A group of researchers from the University of California is proposing to save the Earth from a potential asteroid apocalypse using a new method of planetary defense, PI (“pulverize it”). Scientists plan to shatter large, potentially life-threatening asteroids into hundreds of tiny pieces by launching an array of penetrating rods in the asteroid’s path.

The PI plan calls for deploying dozens of spear-like “piercing rods” in the path of an approaching asteroid, “spraying” the space object into hundreds of pieces. The rods, 1.8 to 3 meters long, will contain nuclear explosives in order to smash an approaching asteroid to pieces long before it reaches Earth’s atmosphere.

As a result of an asteroid bomb attack, debris falling to Earth can cause damage to buildings and people. But, compared to the impact of an asteroid that, for example, exploded over Chelyabinsk in February 2013 with the force of about 30 bombs dropped on Hiroshima, the damage from falling debris is negligible. If the asteroid exploded over Chelyabinsk, and not far from the city, millions of people could die as a result of the shock wave.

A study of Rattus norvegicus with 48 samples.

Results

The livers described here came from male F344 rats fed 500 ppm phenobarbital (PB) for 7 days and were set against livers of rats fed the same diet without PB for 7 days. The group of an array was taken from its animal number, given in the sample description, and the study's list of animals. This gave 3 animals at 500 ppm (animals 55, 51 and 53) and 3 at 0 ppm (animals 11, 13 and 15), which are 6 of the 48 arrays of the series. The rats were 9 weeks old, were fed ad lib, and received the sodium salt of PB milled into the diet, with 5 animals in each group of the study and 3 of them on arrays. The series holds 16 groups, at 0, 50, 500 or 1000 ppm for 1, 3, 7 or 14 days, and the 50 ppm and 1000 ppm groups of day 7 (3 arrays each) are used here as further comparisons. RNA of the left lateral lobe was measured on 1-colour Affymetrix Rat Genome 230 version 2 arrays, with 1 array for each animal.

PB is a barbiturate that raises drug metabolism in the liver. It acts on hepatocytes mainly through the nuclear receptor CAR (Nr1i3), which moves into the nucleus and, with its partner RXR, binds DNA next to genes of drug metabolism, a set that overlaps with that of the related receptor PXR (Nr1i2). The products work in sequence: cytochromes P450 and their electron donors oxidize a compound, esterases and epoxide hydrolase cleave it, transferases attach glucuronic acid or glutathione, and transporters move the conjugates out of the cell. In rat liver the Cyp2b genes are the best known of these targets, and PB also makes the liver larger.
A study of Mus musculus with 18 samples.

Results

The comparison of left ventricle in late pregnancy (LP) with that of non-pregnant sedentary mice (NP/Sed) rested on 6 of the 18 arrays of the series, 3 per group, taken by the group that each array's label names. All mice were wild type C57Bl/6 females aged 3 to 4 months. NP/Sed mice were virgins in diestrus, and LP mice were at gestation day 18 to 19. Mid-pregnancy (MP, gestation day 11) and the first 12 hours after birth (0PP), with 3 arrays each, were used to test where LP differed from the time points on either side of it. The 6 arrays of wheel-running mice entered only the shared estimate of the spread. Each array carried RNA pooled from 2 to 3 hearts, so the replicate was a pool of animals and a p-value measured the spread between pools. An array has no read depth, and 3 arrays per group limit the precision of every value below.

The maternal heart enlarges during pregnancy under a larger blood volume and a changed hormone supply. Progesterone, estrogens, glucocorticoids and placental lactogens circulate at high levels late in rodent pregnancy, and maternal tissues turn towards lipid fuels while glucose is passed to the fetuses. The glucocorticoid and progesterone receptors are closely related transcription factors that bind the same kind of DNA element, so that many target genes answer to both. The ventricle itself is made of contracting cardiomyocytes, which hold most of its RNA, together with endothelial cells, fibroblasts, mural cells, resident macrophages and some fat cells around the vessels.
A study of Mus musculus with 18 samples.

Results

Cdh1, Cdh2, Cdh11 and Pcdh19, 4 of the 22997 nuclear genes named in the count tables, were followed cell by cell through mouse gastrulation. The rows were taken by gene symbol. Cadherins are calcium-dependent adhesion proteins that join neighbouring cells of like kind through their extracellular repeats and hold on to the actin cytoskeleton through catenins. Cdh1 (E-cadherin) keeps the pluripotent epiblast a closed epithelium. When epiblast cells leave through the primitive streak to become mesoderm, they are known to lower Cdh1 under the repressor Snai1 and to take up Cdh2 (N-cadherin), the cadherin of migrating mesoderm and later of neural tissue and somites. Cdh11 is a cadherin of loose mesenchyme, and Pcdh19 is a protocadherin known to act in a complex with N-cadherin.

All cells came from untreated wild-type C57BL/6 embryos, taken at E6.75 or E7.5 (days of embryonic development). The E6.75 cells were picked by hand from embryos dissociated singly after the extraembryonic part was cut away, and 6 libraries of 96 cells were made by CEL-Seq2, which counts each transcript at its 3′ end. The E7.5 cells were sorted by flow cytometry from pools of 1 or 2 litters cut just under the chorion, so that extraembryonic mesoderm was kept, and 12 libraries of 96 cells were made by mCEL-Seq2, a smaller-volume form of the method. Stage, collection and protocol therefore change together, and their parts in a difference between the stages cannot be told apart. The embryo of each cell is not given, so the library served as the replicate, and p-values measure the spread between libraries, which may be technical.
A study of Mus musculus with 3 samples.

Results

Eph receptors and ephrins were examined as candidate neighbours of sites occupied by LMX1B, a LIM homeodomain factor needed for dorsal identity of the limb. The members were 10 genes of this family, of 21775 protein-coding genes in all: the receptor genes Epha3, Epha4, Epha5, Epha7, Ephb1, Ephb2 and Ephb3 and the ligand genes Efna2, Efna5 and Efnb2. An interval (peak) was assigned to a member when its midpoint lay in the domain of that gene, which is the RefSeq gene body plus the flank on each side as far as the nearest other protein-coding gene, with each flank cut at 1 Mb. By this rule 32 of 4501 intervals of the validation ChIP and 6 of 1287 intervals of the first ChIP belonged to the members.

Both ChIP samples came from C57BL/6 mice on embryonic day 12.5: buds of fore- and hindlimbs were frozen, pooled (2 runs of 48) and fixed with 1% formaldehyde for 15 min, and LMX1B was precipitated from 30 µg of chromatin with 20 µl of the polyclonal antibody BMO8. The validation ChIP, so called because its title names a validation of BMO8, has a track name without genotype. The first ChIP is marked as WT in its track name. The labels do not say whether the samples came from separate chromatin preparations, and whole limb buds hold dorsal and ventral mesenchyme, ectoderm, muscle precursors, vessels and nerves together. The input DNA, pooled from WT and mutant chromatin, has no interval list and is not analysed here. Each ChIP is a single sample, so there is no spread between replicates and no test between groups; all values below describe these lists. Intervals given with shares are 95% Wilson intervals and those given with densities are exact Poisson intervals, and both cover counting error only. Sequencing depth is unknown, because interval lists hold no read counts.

“The difference between one large asteroid and hundreds of small ones is about the same as between a 500-kilogram piano that falls on your head and 500 kilograms of foam balls falling from the same height,” wrote physicists from the University of California Philip Lubin and Alexander Cohen in article for Scientific American.

NASA tracks the movement of more than 8 thousand near-Earth asteroids with a diameter of 140 m. But, as the Chelyabinsk incident showed, smaller objects can also cause huge damage to the planet.

Scientists call the new PI method a more flexible plan for protecting the planet than NASA’s DART (Double Asteroid Redirection Test), which aims to change the course of a near-Earth asteroid using rockets. “PI is just one part of the challenge of protecting the Earth, which is why we are so focused on the sky,” the scientists note.